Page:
PITTSBURGH – Governor Tom Corbett recently emphasized the importance of Pennsylvania’s rivers to the nation’s economy and transportation system during an address to the 2011 Fall Waterways Symposium in Pittsburgh.
“If our country is a living body, these rivers are its veins. They connect our cities through industry,” Corbett said. “That’s why we need to maintain them, to develop them, to recognize them as the lifeline they are.”
The annual symposium is sponsored, in part, by the Waterways Council Inc., a national public policy organization advocating a well-maintained national system of ports and inland waterways. The group is supported by waterway carriers, shippers, port authorities, shipping associations and waterways advocacy groups from all regions of the country. Other sponsors of the symposium include The Waterways Journal and Informa Economics.
The focus of the annual waterways conference, attended by about 150 business leaders, economists, engineers and port directors from across the nation, was to discuss the importance and maintenance of rivers, ports, locks and dams, with regard to the national transportation system and infrastructure investment.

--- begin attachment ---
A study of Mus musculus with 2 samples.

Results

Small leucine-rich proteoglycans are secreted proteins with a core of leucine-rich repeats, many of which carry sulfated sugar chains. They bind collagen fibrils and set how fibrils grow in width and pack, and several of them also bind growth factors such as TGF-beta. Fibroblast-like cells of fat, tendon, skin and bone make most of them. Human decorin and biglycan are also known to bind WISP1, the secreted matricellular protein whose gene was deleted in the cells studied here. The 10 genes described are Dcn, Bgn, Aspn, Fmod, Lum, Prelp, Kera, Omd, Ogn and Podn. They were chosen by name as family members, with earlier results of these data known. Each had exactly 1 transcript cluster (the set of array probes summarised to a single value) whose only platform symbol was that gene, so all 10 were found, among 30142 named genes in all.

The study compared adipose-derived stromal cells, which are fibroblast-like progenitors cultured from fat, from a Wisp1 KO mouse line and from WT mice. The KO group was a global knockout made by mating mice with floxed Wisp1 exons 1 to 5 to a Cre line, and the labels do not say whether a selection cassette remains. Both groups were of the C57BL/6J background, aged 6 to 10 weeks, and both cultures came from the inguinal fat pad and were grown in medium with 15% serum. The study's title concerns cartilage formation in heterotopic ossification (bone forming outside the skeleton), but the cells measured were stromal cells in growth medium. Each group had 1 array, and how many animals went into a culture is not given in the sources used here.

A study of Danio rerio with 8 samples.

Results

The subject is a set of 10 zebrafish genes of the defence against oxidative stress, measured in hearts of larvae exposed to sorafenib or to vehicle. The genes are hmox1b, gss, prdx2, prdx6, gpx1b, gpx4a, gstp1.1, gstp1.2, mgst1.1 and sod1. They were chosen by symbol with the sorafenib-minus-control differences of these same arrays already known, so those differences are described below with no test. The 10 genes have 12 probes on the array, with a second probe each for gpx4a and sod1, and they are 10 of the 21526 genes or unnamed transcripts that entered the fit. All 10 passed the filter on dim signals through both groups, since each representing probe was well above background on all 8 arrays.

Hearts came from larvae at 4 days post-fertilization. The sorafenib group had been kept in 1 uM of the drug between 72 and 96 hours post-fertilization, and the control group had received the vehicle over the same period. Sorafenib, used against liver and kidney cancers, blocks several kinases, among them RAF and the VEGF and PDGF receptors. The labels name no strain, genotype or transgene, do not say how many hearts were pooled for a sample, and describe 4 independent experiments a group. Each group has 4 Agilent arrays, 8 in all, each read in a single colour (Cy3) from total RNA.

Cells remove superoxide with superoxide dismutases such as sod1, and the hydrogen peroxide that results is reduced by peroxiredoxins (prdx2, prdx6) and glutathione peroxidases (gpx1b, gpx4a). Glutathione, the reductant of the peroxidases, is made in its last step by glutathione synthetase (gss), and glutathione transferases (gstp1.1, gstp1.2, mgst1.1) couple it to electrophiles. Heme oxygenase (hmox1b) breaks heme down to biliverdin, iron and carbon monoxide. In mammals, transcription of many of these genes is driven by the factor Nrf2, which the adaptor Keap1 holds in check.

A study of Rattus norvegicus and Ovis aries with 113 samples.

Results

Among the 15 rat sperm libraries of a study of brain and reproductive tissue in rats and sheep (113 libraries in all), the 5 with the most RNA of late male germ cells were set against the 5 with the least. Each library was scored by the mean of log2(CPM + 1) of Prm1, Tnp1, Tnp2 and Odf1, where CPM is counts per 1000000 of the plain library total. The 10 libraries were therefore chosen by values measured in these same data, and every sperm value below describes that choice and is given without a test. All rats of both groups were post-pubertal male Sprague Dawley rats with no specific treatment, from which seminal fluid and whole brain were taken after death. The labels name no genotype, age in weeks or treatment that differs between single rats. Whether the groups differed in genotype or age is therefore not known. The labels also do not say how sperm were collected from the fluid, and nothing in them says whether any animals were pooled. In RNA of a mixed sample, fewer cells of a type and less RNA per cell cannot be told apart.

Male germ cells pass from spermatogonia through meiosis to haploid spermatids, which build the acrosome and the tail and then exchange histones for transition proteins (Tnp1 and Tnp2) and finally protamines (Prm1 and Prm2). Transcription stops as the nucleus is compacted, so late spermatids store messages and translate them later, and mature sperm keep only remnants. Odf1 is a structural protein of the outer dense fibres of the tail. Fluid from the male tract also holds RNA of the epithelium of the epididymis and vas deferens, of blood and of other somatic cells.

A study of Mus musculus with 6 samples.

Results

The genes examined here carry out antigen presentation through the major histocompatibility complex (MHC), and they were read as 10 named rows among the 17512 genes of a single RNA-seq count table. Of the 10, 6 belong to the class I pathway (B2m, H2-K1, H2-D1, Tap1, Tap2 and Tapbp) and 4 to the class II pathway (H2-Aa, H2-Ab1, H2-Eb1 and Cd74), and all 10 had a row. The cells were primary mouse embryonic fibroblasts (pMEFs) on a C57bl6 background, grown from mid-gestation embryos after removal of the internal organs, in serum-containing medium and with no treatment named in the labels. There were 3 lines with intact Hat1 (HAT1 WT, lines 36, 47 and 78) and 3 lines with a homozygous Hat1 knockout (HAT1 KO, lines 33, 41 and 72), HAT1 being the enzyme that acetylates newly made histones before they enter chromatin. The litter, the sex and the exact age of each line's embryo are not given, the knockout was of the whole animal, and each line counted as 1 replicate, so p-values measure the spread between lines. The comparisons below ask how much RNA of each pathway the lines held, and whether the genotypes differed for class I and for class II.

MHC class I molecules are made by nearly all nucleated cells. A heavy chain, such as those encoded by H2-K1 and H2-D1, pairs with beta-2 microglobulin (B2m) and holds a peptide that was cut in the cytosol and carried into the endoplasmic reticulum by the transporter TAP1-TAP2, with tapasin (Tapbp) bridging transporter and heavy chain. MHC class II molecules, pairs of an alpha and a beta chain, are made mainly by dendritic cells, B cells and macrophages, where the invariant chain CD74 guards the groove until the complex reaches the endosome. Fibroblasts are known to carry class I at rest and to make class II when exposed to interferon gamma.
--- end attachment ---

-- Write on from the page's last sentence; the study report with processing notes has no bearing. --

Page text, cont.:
“These rivers aren’t just flowing bodies of water,” Corbett added. “They are a ceaseless creator of jobs. In the 12-county area around Pittsburgh, the estimate of jobs dependent on inland shipping is 45,000. Indirectly, the estimate runs to 217,000 jobs.
“That’s a surprising number, until you think of some of the companies that need these rivers to reach their markets,” Corbett said, “and those companies can continue as long as these rivers run free and deep.”
Corbett said he has been looking at waterways, rivers and ports all across the state in recent months.
“You get a real sense of how our state was settled, why some of our county seats are situated where they are and how Pennsylvania developed its commerce with other places,” Corbett told the group. “My administration will stay engaged with the Waterways Council… You have an advocate in Harrisburg.”